Health Care Battle Moves to Florida
Lawsuit challenging Medicaid expansion, individual mandate, poses challenges.
Dec. 16, 2010— -- A federal judge in Florida today heard oral arguments in a lawsuit challenging the constitutionality of the individual mandate in the new health care law and the expansion of Medicaid.
The proceedings come just days after a Virginia judge dealt a resounding blow to the Obama administration. He ruled that the federal government is overstepping its constitutional boundaries by requiring Americans to carry health insurance by 2014.
What sets the Florida case apart, though, is that it's brought on behalf of 20 states and is the first court challenge against Medicaid expansion.
The new law's requirement that Medicaid be expanded to cover Americans whose incomes are at or below 133 percent of the federal poverty level (about $14,000 in 2010 for a person living alone) has triggered a flurry of protests from some states.
Arizona's incoming state Senate president has rejected billions in federal help. Republican lawmakers in Texas recently threatened to eliminate Medicaid altogether because of rising costs. And incoming Florida Gov. Rick Scott has called the health care law the "biggest job killer in the history of this country."
The 20 states that are part of the lawsuit in Florida argue that Medicaid expansion will further burden their already crumbling budgets. But the federal government is supposed to pick up much of the tab, paying $443.5 billion -- or 95.4 percent of the total cost -- between 2014 and 2019, according to an analysis by the non-partisan Kaiser Family Foundation. The states would contribute $21.2 billion, Kaiser said.
Under the new law, Medicaid enrollment will climb by 15.9 million more people by 2019 than it otherwise would have, and the number of uninsured will fall by more than 11 million.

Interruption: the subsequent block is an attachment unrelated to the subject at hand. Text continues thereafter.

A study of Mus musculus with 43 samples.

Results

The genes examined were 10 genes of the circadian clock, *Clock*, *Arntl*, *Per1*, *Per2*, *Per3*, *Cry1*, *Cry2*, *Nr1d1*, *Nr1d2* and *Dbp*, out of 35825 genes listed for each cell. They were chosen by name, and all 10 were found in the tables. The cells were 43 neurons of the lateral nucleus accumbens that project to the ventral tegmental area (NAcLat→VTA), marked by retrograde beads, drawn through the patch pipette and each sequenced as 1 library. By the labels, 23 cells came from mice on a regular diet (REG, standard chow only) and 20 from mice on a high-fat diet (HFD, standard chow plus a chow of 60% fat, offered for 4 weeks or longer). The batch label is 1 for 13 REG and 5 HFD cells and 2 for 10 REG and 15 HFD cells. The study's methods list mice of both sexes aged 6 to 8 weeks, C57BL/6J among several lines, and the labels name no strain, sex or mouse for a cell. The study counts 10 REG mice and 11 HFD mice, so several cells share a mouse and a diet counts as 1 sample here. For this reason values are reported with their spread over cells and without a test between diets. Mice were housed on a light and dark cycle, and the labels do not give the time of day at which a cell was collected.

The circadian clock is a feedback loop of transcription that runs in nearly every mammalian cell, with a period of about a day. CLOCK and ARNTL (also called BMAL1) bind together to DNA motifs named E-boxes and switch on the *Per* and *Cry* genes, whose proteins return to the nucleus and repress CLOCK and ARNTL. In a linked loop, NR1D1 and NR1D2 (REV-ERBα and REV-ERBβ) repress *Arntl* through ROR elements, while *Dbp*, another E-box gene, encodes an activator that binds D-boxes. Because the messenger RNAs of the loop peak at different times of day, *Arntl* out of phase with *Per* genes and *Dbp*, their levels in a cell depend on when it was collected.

Supporters say the expansion is desperately needed because the current income threshold is dismally low.
In 43 states, dependents who don't have any children are ineligible for Medicaid even if they don't have any source of income. In Florida -- the battleground for this case -- if an individual's annual income is above $9,074, they cannot apply for Medicaid, an eligibility standard that health reform supporters say is dismal.
"For the states to complain that this is a real problem for them is somewhat ridiculous because remember, when you get all these people newly into health care coverage, the states' other expenses like providing charity care and those kinds of things, those things come down," said Ron Pollack, executive director of non-profit Families USA.
The Florida case will also once again shed a spotlight on the individual mandate -- the requirement that everyone get medical insurance -- that has brought much criticism from states.
"The act would leave more constitutional damage in its wake than any other statute in our history," David Rivkin, the lawyer representing the 20 states in the Florida lawsuit, said today.
That issue is ultimately expected to end up in the Supreme Court, but at a time when the Obama administration is working vigorously to roll out the new plan, it creates more uncertainty and challenges.
Eleven similar cases were dismissed and two federal judges in Virginia and Michigan ruled in favor of the administration when faced with a similar case. But, like Virginia's U.S. District Judge Henry E. Hudson, Florida U.S. District Judge Roger Vinson has expressed some skepticism of the administration's position.
Vinson was appointed by Republican president Ronald Reagan.
The 20 states in the lawsuit include Alabama, Alaska, Arizona, Colorado, Florida, Georgia, Indiana, Idaho, Louisiana, Michigan, Mississippi, Nebraska, Nevada, North Dakota, Pennsylvania, South Carolina, South Dakota, Texas, Utah and Washington.
The individual mandate is a central feature of the new health care law. Its proponents argued that the mandate was necessary to prevent people from exploiting the system and only buying insurance when they had to, thus making health care more costly across the board.